I've been futzing around with this post for a couple of days, trying to tie together this really interesting narrative of writing for the Tolkien Encyclopedia and the latest on That Moron Ward Churchill. It's not really working, but at this point another group of Encyclopedia entries just dropped on me and if I don't post this now, I never will. So here you go, mess and all.
In his post , Squire talks about the ups and downs of contributing to a scholarly project, the encyclopedia that has been swallowing my life for the past few years. It is very, very odd to be a character in someone else's narrative, and I can't really describe what it felt like to read: "Now it was sink or swim for poor squire, in the same meme pool as Michael Drout, Verlyn Flieger, and Tom Shippey" and even more
In a way, the entire project is Phase III of Drout’s Master Plan. Phase I was his 2000 essay/bibliography, The Current State of Tolkien Studies. Phase II was the new academic journal, Tolkien Studies, entirely dedicated to peer-reviewed, guaranteed-academic-quality, articles about Tolkien. Now he was going public: this Encyclopedia was meant for every town and gown library in the land, for researchers from high school to graduate school.
It's weird, because I don't really think of myself in the same meme pool as Tom and Verlyn (they are my friends, but way ahead of me). Even weirder, because it's a pretty good "Master Plan," but I never thought of it that way (which, now that I think of it, is pretty stupid, a better way of expressing same would be that I never articulated it as well as Squire). And it's just plain odd to have people to whom I don't give a grade at the end of the semester expressing concern about what my opinion would be about something.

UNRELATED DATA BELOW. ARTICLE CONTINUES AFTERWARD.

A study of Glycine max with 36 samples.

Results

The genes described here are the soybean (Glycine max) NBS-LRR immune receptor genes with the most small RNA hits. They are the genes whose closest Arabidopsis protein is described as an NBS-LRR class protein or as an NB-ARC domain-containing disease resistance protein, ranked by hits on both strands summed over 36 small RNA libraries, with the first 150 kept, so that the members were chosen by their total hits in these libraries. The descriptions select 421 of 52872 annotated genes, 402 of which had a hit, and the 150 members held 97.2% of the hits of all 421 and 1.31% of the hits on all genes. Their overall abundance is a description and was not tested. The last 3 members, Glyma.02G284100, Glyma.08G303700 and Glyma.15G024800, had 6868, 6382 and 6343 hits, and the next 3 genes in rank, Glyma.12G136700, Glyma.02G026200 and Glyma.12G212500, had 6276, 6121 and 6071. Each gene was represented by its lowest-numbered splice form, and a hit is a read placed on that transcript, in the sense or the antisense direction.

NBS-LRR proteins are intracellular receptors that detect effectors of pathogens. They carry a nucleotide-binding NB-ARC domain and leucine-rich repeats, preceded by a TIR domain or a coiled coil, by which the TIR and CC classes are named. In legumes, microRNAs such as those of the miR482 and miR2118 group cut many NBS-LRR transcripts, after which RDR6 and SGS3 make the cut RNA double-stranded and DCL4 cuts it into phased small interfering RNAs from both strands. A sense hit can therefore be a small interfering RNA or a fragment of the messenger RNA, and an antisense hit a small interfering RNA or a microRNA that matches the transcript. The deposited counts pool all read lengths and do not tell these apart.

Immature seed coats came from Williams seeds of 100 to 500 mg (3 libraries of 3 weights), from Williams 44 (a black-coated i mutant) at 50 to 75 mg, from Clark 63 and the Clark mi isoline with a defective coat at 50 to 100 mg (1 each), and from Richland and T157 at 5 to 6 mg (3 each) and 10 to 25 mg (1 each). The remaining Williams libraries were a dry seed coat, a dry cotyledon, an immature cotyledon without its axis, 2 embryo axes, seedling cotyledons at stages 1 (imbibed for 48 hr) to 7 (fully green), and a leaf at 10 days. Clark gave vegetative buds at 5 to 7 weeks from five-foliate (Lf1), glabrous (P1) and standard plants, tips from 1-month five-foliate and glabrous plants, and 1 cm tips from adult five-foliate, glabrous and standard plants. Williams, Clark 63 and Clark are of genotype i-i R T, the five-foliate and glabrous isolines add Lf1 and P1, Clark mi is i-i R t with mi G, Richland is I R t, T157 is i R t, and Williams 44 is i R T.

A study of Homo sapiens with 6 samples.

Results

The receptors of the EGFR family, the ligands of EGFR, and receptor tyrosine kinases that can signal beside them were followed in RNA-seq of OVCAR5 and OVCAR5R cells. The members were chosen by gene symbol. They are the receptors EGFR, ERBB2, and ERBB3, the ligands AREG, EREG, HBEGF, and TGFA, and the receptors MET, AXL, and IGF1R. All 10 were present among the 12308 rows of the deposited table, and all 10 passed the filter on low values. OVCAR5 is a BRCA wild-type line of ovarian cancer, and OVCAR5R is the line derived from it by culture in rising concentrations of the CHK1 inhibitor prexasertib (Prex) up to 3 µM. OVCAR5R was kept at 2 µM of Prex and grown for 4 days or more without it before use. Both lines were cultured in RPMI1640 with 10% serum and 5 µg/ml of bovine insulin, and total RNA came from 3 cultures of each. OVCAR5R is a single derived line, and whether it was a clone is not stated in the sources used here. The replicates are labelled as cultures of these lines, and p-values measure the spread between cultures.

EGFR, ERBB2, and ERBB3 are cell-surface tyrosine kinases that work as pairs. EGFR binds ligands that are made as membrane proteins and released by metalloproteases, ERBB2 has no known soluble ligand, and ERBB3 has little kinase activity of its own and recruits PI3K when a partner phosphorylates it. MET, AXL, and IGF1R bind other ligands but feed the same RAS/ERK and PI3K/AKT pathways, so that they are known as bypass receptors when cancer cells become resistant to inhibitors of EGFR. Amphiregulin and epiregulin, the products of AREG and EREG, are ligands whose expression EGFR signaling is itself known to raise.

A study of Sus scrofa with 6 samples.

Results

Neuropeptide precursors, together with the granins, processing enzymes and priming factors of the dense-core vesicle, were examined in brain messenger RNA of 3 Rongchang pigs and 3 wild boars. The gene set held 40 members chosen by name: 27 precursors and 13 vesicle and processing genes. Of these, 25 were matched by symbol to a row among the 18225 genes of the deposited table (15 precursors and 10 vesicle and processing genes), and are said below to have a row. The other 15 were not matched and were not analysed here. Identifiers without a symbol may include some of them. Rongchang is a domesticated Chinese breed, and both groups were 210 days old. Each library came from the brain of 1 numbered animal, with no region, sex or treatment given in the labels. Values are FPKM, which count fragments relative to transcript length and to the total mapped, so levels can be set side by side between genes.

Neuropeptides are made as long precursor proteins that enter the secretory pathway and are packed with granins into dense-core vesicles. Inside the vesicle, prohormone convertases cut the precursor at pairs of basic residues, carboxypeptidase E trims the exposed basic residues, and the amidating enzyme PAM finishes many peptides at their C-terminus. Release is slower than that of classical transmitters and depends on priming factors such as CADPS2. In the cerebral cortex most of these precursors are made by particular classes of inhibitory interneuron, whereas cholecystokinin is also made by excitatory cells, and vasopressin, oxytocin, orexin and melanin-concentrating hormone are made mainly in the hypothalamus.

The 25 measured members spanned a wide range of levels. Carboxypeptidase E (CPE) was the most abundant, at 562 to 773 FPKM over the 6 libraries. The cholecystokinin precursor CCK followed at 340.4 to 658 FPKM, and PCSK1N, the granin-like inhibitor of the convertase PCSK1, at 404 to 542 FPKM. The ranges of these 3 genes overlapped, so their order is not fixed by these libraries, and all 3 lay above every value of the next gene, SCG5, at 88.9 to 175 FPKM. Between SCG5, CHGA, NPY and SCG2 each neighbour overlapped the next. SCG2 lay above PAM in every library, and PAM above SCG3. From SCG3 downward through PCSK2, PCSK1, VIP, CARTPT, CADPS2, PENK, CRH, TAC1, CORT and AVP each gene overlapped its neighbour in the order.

But most of all there was a huge disconnect between the way Squire was describing the project and the material that I had read. Because I was just proofreading the E-entries of the encyclopedia (and can you think of anything more fun than to proofread entries in alaphabetical order?), I had just read Squire's entry on "The East." And you know what? I hadn't made one correction. Not one. Whereas I have so reddened the pages of entries done by "big names" (not, I might add, Tom and Verlyn) and well-known scholars that some of them bounced back from the publisher because too many corrections had made the page illegible.
The point is that in editing 800 pages of Tolkien Encyclopedia, I have found that I really can't distinguish the quality of the work based on the credentials of the author. I have some crap from "names" and I have some genius from people no one has heard of before. And I have a lot of very good stuff distributed among lots of other people. There is definitely a distinction that can be made between people who have a wide and a narrow view. My colleague Claire Buck, for instance, wrote an amazing entry on Tolkien and War because she really, really knows the much wider literary context and so could situate Tolkien in a matrix of other ideas, authors and books. But that's not an element of being a major "Tolkien scholar" but is instead the fruit of being widely read in a whole lot of literature. It's that latest of literary theoretical approaches, "erudition." And a lot of people have it who don't necessarily have initials after their names.
And here's the awkward Ward Churchill seque: That Moron Ward Churchill shows that having a job at a prestigious institution (though less prestigious now, thanks to him!) or having a Ph.D. doesn't stop you from being a fraud and an idiot. We in academia should be really, really conscious of this problem (and That Moron Ward Churchilll should be fired, and the people who hired him, promoted him and otherwise supported him should be punished): there are plenty of people out there who are just as smart or smarter than we are. If we're not willing to have our disciplines be disciplined, there's really no distinction: it's the collective wisdom provided by the disciplines and institutions that give academia its privileged position. We need to maintain that discipline ourselves, or others will do it for us. And if you think we are indispensible, you should note that "amateurs" can create a pretty effective peer review process and produce work that is indistinguishable from that of many "experts."
So the main point, arrived at rather precipitously due to my having to pick up children from school: Ward Churchill is not a scholar. Squire and his TheOneRing.net compatriots are. Maybe they are scholars with day jobs, but they are scholars nonetheless. And it is important that we in academia continually remind ourselves that it is the work not the credential or the institution that really matters.